We engage the Portland, Oregon scientific and technical community to enhance the health of the scientific research enterprise, provide opportunities for the next generation of scientists and engineers, and promote the public's understanding of science and technology. We are comprised of faculty and students from several colleges and universities in the Portland area, as well as colleagues in local business, industry, federal and state agencies, and medical centers. We focus many of our programs on enhancing the experiences of students at all levels. Many of our members are retired scientists and engineers who have relocated to the Portland area and find a community of interests through the activities of the chapter.
Shake, Rattle, and Roll: Capturing Snapshots of Metalloenzymes in Action
Professor of Chemistry and Biology, Massachusetts Institute of Technology
Jean Dreyfus Boissevain Lecturer
Thursday, April 3, 2014, 8:00 pm
Willamette University, Ford Hall 122
This lecture is co-sponsored by the Dreyfus Foundation, Willamette University, the American Chemical Society Portland Chapter, and Sigma Xi Columbia-Willamette Chapter.
Metalloproteins are responsible for remarkable catalytic conversions such as the
reduction of ribonucleotides, the splitting of dinitrogen, and the fixation of carbon.
Here the conformational gymnastics involved in ribonucleotide reduction by
ribonucleotide reductases (RNRs) will be discussed. RNRs are key players in nucleic
acid metabolism, converting ribonucleotides to deoxyribonucleotides. As such, they
maintain the intracellular balance of deoxyribonucleotides to ensure the fidelity of
DNA replication and repair. The best-studied RNR is the Fe-dependent class Ia
enzyme from E. coli, which employs two subunits to catalyze its radical-based
reaction: β2 houses the diferric-tyrosyl radical cofactor and α2 contains the active
site. Recent applications of biophysical methods to the study of this RNR have revealed the importance of oligomeric state to overall enzyme activity, and suggest unprecedented subunit configurations are in play.
Dr. Drennan is a professor of chemistry and biology at the Massachusetts Institute of Technology, and a professor and investigator with the Howard Hughes Medical Institute. She received an A.B. in chemistry from Vassar College, working with Professor Miriam Rossi, and a Ph.D. in biological chemistry from the University of Michigan, working in the laboratory of the late Professor Martha L. Ludwig. She was also a postdoctoral fellow with Professor Douglas C. Rees at the California Institute of Technology. In 1999, she joined the faculty at the Massachusetts Institute of Technology, where she has risen through the ranks to full Professor. Extended abstract and bio.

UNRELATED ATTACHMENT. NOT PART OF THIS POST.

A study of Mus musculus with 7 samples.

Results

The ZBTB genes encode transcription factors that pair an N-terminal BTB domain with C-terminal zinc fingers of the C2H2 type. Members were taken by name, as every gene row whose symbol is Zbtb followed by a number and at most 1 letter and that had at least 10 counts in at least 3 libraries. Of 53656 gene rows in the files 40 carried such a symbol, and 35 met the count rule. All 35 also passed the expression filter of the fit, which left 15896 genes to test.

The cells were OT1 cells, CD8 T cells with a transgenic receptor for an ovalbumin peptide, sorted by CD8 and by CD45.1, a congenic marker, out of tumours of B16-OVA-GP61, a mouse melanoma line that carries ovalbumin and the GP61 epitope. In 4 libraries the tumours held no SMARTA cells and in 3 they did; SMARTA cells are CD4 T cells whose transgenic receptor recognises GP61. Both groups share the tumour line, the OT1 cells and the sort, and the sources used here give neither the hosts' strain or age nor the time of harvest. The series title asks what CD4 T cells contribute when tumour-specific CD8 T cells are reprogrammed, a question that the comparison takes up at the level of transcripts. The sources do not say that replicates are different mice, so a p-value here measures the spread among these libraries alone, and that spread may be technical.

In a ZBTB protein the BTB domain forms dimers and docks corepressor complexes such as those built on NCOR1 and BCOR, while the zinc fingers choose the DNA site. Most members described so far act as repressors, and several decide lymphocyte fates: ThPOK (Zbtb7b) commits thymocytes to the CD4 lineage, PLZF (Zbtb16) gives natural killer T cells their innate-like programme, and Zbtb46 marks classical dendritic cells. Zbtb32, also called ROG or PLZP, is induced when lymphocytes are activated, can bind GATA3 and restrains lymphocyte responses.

was selected Outstanding Oregon Scientist for 2014 by the Oregon Academy of Science.
Save these dates!
March 15, 2014: application deadline for Sigma Xi Grants-In-Aid of Research.
March 17-23, 2014, Sigma Xi Student Research Showcase (online); registration deadline is March 10.
Thursday, April 3, 2014, 7:30 pm, Willamette University, Ford Hall 122: Catherine Drennan, Shake, Rattle, and Roll: Capturing Snapshots of Metalloenzymes in Action
Tuesday, April 15, 2014, Smith Memorial Union Ballroom: our chapter's 10th annual Student Research Symposium; abstracts must be submitted by Monday April 7.
Thursday, May 22, 2014, Smith Memorial Union 327-329: chapter annual meeting, banquet, initiation, awards, lecture (TBA).
June 17-20, 2014, AAAS Pacific Division meeting at UC Riverside. SX NW and SW Regions will attend and will sponsor a reception, make awards for student research, and hold an event for Sigma Xi members.